In a statement sent to DairyReporter.com yesterday, the USDA confirmed that it has issued a “solicitation to vendors” to supply high-protein yogurt on a limited basis to schools participating in the National School Lunch Program in the four states.
Through the solicitation, which was posted on the Federal Business Opportunities website, the USDA is seeking bids to supply both four ounce (oz) single serving containers of flavoured high-protein yogurt and unflavored high-protein yogurt in 32oz containers.
This will “provide schools with a variety of ways of serving this product,” said the USDA statement.
Interested vendors have until 22 July 2013 to submit their bids.
Support ability to offer “nutritious protein”
The USDA confirmed earlier this year that it was considering the inclusion of Greek yogurt on the National School Lunch Program following pressure from New York senators, Charles Schumer and Kirsten Gillibrand, and Congressman Richard Hanna.
Rather than opting for a nationwide trial, the USDA has pinpointed New York, Idaho (which are both home to Chobani), Arizona, and Tennessee as suitable states to launch the Greek Yogurt Pilot Program.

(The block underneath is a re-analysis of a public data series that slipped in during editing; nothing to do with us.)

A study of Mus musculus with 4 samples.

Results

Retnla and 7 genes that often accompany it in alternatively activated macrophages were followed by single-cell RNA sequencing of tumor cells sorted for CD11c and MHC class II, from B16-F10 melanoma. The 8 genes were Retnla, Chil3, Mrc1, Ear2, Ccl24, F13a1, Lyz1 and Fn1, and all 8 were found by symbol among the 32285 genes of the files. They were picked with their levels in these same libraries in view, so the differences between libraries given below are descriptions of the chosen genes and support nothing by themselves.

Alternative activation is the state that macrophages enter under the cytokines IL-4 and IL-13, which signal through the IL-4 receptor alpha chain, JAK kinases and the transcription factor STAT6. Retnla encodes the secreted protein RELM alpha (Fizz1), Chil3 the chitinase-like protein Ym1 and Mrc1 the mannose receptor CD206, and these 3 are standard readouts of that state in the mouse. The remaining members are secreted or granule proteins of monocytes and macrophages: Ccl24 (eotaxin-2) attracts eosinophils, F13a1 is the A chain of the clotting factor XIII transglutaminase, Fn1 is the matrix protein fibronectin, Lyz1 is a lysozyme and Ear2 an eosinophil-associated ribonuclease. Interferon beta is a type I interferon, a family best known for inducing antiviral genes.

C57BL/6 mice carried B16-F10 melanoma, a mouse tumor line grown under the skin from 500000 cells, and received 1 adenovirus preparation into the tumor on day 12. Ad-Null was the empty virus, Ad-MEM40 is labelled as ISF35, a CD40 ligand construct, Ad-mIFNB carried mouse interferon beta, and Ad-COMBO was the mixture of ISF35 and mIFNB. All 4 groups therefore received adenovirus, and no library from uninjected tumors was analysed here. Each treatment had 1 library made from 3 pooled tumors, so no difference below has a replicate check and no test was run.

“These states represent different regions of the country with varying proximity to yogurt manufacturers and will help test distribution through different warehousing models,” the USDA said.
It hopes to have the Greek Yogurt Pilot Program in place in time for the start of the new school year. If deemed cost-effective, the pilot could be expanded to other states, the USDA added.
“USDA will evaluate the cost-effectiveness of its initial procurement by December 2013 to determine next steps for the pilot,” said the USDA statement.
Decision will “provide a boon” for industry
Commenting on the USDA announcement, Senator Schumer said that the decision trial Greek yogurt in the National School Lunch Program will “provide a boon” for New York, which is home to Greek yogurt manufacturers Chobani, Fage, Alpina, and Muller Quaker Dairy.
“I am proud to see this pilot plan reach this final step, because it’s a boon for New York yogurt and dairy industries, and it’s beneficial to the health of our kids,” said Schumer, adding that milk farmers in the state also look set to benefit.
Idaho has also welcomed the USDA announcement. According to Idaho senator Mike Crapo, the state is “ideal to serve as part of this pilot project.”
“I commend the USDA for choosing to implement this pilot program for Greek yogurt in Idaho schools,” he said. “Greek yogurt is one of the country’s fastest growing industries, and I hope USDA will continue the important process of making this healthy food option increasing available to young Americans.”